Storehouse Theory: Teach the Controversy!

Storehouse Theory: Teach the Controversy! August 22, 2012

Scott McKnight writes at Patheos about a new book by two scientists at Calvin College here in Grand Rapids, Origins: Christian Perspectives on Creation, Evolution, and Intelligent Design by Deborah and Loren Haarsma. McKnight quotes several Bible verses that clearly claim that God has “storehouses” of rain and snow and hail and decides when and where bad weather will occur:

The LORD will open the heavens, the storehouse of his bounty, to send rain on your land in season and to bless all the work of your hands. You will lend to many nations but will borrow from none. Deut 28:12

The LORD does whatever pleases him, in the heavens and on the earth, in the seas and all their depths. He makes clouds rise from the ends of the earth; he sends lightning with the rain and brings out the wind from his storehouses. Psalm 135:6-7

When he thunders, the waters in the heavens roar; he makes clouds rise from the ends of the earth. He sends lightning with the rain and brings out the wind from his storehouses. Jer 10:13; 51:16

Have you entered the storehouses of the snow or seen the storehouses of the hail, which I reserve for times of trouble, for days of war and battle? Job 38:22-23

And he quotes the Haarsma book:

What causes the rain? Most of us were taught that water evaporates from the ground level, rises to where the air is cooler, and condenses into water droplets that form clouds. We learned how cold fronts and warm fronts and low pressure systems bring rain. … Every year scientists develop increasingly accurate computer models of weather.

Now imagine that debates arise about what should be taught in schools about weather. Imagine that prominent scientists write popular books about meteorology that state, “From our scientific understanding of the causes of wind and rain, it is clear that no divine being controls the weather.” Imagine that a professional organization of science teachers writes a set of guidelines that state, “Students must learn that all weather phenomena follow from natural causes; weather is unguided and no divine action is involved.” Meanwhile, other people insist that these scientific explanations must be wrong because the Bible clearly teaches that God governs the weather. These people write books and give public speeches saying “Atheists invented their godless theories about evaporation and condensation. But we can prove that their so-called scientific theories are false and that the Bible is true.” They go to churches and teach, “If you believe what these scientists are saying about the causes of wind and rain, then you’ve abandoned belief in the Bible.” They petition school boards and courts to require that science classrooms also teach their “storehouses” theory of weather as an alternate explanation to evaporation and condensation.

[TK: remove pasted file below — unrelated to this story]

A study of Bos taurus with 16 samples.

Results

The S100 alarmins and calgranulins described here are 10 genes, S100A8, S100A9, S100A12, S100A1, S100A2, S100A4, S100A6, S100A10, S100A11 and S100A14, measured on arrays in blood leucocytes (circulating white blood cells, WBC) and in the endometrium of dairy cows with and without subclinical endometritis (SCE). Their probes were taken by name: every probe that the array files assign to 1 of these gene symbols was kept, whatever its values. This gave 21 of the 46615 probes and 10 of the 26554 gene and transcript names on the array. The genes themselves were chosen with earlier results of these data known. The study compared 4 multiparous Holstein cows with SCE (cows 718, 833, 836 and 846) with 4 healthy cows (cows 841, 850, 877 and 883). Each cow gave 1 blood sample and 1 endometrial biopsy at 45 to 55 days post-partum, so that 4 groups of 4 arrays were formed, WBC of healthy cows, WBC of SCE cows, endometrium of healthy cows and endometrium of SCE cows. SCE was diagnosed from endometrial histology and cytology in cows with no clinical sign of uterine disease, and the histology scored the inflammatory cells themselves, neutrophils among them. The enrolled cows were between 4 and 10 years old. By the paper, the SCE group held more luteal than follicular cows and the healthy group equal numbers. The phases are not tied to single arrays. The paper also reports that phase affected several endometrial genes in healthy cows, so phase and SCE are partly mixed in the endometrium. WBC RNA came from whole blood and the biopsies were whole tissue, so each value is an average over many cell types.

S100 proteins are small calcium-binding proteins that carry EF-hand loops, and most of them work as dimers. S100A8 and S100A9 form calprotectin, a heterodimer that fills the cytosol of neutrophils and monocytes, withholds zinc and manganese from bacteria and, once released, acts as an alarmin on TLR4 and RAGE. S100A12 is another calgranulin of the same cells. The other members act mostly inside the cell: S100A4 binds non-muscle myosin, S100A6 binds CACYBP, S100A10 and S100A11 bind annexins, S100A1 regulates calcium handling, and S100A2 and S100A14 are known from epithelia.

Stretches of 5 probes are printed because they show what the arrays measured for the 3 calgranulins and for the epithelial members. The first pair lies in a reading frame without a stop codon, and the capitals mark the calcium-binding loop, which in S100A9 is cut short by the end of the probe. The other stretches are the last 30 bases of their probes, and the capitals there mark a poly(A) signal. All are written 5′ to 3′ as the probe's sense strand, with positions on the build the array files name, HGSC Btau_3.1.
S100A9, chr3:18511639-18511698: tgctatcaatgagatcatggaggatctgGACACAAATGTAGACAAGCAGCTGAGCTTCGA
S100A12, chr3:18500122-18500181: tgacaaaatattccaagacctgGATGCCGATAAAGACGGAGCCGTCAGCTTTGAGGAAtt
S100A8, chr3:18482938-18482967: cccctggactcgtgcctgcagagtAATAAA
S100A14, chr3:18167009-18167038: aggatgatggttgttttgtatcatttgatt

And McKnight wonders, “Why don’t we have battles about the conflict between science and faith in the explanation of weather?” As a Christian and a PhD chemist himself, he attempts to argue that there is no conflict here:

Most Christians, including me, have no trouble acknowledging that both science and the Bible are telling the truth when it comes to weather. God is sovereign over the weather – but we see no fundamental conflict between the scientific and biblical explanations. In fact, I rather expect most of us automatically classify the storehouse references as figurative language and/or poetic license. But it is not at all clear that the ancient authors did. Nonetheless we see no fundamental conflict between meteorology and faith.

That second to last sentence is very important. No one could seriously argue that the men who wrote those chapters of the Bible didn’t think that there were literal storehouses; they did not intend for people to read those words as being figurative or poetic. And yet he argues that it’s okay for Christians today to interpret it to mean something figurative when it was originally written to be literal. But I think this should, in fact, make McKnight see a fundamental conflict.

So why doesn’t he? Because he is engaging in “god of the gaps” reasoning. Throughout human history, men ascribed supernatural causes to entirely natural events, initially because they just didn’t know any better. They had no explanation for terrible storms or earthquakes so they attributed them to an angry god; they likewise ascribed good crops or good weather to a god who was pleased with them. But now we know better. We know what causes earthquakes and we know what causes thunderstorms and hurricanes and all manner of natural catastrophes. We can predict them with increasing accuracy precisely because we understand their causes. McKnight knows this, of course, and he says as much.

So why still believe that “God is sovereign over the weather”? It adds nothing to our understanding. It is no more rational or defensible than believing that an invisible leprechaun controls the rain. Neither of those superfluous and non-existent beings posited to be in some ultimate control of the weather helps us in any way to understand how the world operates. It is simply meaningless.